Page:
This summer we finished fieldwork at Garcon Point, east of Pensacola, and uncovered not only remains of Yamasee Mission San Antonio de Punta Rasa (1749-1761) but also material from Pensacola’s Late Archaic (1000 BC or earlier, up to 3000 BC), Mississippian (ca 1100 AD-Spanish contact), British (1763-1781), Second Spanish (1781-1819), and American periods (1819-present).
The Late Archaic period marked the beginning of pottery, at about 3000 BC in Northeastern Florida and Southwestern Georgia and in Central and Western Florida. Most of the artifacts dating from this time period are ceramics with fibers such as Spanish moss added as tempering agents, and only rarely decorating with designs stamped from paddles. Exchange and other social interactions occurred during this time period from coastal Georgia to the Poverty Point area of Louisiana and perhaps farther west.
The Florida Museum of Natural History has cross-sections and other images of fiber-tempered and other sherds, and we found fiber-tempered sherds from Garcon Point:
During the Misssissippian period, Pensacola existed between the sites of Bottle Creek (interpreted at the University of South Alabama Archaeology Museum) in the Mobile River Delta and the Temple Mound of Fort Walton Beach. Ceramics wise, shell tempering dominates Mississippian ceramics, which often have incised designs. These incisions sometimes occur on the rims of vessels and other times in distinctive artistic motifs. Such designs also persisted into the colonial era. Spacing and depth of incisions provides cultural information; for example the vessel below appears similar to Fatherland Incised vessels which characterize the Natchez of Mississippi and the Bayou Goula site in Louisiana.
In Florida, creamware—with a yellowish tinge to the glaze– offers the best evidence of a British occupation rather than an earlier one since creamware was first marketed in 1762 and the British took Florida as a result of the 1763 Treaty of Paris. Pearlware—with a blueish tinge to the glaze that appears closer to Chinese porcelain– was introduced to the world market by 1779, so can roughly date the Spanish re-occupation of Pensacola by Bernando de Galvez and official move in 1781. Spaniards made plantations on top of older British ones.
In addition to pottery, we found a wealth of glass, but only some the handmade olive green or amber colored glass typical of the colonial era. Nineteenth-century glass and shotgun shells demonstrate the later American period occupation at Garcon Point. All told, we excavated 146 shovel tests—50 x 50 centimeter units up to a meter in depth—and four 1 x 1 meter units specifically focused on areas with the most Yamasee artifacts and Spanish tin-enameled pottery majolicas—particularly Abo, Puebla, and Playa types. Unit excavation showed why we found mixed contexts rather that architectural features: most of the area was plowed, which mixed artifacts and left “scars” in the soil.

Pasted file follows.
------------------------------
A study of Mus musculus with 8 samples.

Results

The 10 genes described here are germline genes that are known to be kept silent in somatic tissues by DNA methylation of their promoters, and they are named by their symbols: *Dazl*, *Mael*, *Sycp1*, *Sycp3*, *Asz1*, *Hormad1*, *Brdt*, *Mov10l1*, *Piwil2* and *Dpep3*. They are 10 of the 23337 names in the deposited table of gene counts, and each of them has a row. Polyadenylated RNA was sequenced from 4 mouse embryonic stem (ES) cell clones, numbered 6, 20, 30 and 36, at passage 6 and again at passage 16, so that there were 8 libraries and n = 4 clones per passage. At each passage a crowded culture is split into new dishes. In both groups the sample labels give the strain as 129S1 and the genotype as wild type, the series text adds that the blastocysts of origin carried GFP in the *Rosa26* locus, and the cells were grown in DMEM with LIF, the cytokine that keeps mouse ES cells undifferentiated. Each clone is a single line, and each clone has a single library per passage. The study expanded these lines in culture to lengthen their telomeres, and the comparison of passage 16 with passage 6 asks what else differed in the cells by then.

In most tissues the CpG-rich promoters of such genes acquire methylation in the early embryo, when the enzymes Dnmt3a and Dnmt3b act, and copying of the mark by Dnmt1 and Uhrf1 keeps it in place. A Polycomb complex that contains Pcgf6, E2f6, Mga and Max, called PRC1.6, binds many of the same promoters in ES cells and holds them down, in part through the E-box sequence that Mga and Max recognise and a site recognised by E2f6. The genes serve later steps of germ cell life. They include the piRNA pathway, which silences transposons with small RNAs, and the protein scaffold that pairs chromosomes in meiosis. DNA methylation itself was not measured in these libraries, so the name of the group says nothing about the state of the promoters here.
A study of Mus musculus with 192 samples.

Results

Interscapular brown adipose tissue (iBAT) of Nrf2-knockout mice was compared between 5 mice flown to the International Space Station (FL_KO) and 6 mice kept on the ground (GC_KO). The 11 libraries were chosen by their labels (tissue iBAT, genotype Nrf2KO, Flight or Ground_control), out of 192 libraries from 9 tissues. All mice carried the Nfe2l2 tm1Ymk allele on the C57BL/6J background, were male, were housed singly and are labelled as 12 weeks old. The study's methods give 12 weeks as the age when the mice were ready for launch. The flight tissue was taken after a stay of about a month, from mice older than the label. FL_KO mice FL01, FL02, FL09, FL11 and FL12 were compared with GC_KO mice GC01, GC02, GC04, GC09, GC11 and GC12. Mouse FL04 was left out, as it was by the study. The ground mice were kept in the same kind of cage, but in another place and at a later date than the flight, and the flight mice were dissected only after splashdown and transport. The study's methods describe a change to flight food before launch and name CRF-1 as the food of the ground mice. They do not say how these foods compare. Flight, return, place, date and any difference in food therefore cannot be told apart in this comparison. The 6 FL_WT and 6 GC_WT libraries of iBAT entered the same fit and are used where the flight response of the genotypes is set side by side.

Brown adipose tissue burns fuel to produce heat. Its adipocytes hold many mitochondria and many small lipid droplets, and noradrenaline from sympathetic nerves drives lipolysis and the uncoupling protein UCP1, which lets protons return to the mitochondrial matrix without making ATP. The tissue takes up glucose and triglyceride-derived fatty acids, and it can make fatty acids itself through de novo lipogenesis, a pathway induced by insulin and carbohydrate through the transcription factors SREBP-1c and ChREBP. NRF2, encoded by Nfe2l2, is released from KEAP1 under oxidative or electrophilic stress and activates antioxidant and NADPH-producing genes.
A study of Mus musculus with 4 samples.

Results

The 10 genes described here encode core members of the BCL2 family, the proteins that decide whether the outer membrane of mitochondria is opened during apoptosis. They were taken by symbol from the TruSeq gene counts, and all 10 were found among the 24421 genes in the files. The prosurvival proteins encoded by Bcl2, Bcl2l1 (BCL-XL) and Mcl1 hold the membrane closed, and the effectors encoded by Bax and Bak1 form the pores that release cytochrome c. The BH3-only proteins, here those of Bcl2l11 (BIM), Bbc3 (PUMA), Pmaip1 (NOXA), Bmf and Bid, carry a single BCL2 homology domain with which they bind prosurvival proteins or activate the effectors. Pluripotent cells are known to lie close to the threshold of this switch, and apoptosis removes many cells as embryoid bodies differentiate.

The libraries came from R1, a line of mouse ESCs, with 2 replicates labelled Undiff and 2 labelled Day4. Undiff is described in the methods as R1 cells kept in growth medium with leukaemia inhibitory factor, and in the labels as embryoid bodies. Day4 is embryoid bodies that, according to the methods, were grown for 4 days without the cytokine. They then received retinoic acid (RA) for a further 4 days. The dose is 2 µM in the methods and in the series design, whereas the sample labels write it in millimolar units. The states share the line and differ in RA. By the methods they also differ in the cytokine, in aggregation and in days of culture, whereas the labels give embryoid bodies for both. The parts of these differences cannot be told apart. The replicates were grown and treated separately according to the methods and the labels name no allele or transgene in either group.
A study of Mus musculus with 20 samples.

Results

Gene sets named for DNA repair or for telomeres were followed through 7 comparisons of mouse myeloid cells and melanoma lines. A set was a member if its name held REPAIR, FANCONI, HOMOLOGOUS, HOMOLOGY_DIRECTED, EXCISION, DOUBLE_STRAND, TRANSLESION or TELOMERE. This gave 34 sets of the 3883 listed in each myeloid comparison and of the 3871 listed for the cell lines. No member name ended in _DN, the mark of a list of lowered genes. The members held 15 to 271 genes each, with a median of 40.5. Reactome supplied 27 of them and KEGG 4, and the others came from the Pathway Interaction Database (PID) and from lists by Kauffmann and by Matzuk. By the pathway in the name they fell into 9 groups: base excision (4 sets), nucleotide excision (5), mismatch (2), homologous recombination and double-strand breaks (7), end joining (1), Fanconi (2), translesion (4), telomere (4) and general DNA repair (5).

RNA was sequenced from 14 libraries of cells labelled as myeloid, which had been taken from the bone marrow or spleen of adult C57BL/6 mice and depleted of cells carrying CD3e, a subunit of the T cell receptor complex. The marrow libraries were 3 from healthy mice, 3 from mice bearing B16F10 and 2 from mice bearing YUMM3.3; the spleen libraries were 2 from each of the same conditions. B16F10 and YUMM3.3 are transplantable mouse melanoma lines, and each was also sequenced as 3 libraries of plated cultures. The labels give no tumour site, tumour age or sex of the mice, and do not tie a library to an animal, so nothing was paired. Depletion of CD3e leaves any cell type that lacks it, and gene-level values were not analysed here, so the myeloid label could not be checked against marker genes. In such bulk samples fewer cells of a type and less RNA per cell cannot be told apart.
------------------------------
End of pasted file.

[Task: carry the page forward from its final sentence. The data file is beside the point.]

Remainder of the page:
Left: Shovel-testing Right: 1 x 1 meter unit shows scars from plowing
Typical Yamasee pottery—termed either San Marcos or Altamaha– includes stamped designs and temper of sand, crushed stone, and/or crushed ceramic.
San Marcos Stamped sherd:Apalachee Indians at their seventeenth-century mission San Luis stamped pottery as well Such pottery occurred at the eighteenth-century Apalachee Mission San Joseph de Escambe in Molino as well as at the Yamasee Mission San Antonio de Punta Rasa in Garcon Point, so may reflect social connections with Apalachees. Yamasees also had a seventeenth-century mission near San Luis so the design may be tied more to the seventeenth-century Tallahassee area than to a particular ethnicity.
Pottery made by Creek Indians who lived on the Chattahoochee River by brushing or roughening the surface, creatively termed Chattahoochee Roughened or Brushed pottery, occurred almost as frequently as San Marcos pottery at Garcon Point.
Chattahoochee Roughened Pottery:
Interestingly, this decoration is far more common at the mid-eighteenth century Apalachee Mission San Joseph de Escambe located just north of Pensacola, likely because many of those Apalachees lived among the Creek Indians before moving to the Pensacola area. Many Yamasees in the Pensacola area moved there from St. Augustine, but had connections to Apalachicolas and other Creek Indians. Such pottery could thus reflect time spent among Creeks, trade with those groups to the north, or both.
Eighteenth-century Native American potters across Georgia, Florida, and elsewhere in the Southeast also painted pottery red in this type termed Mission Red variety Kasita:
Native American potters in the eighteenth-century Pensacola area, and perhaps elsewhere, at times added both crushed shell and ceramic to the clay. The sherds below seem to combine to one vessel, which was decorated both with stamping more common in the eighteenth century and the ticking on the rim more common before European contact:
In addition to not quite fitting into our present-day categories, pottery can indicate social contact such as trade or gift-giving, physical movements of entire communities, and tradition in terms of a common landscape or past. Analysis of this eighteenth-century Yamasee pottery assemblage—including comparing it to other pottery in the Pensacola area and other Yamasee pottery outside of Pensacola—will demonstrate continuity and change at a more quantitative level. For now it’s safe to say that Yamasees certainly kept their past traditions alive and well while also negotiating in new social and physical environments. Thank you to staff and students at the University of West Florida and College of William and Mary as well as local landowners for all of your generous support!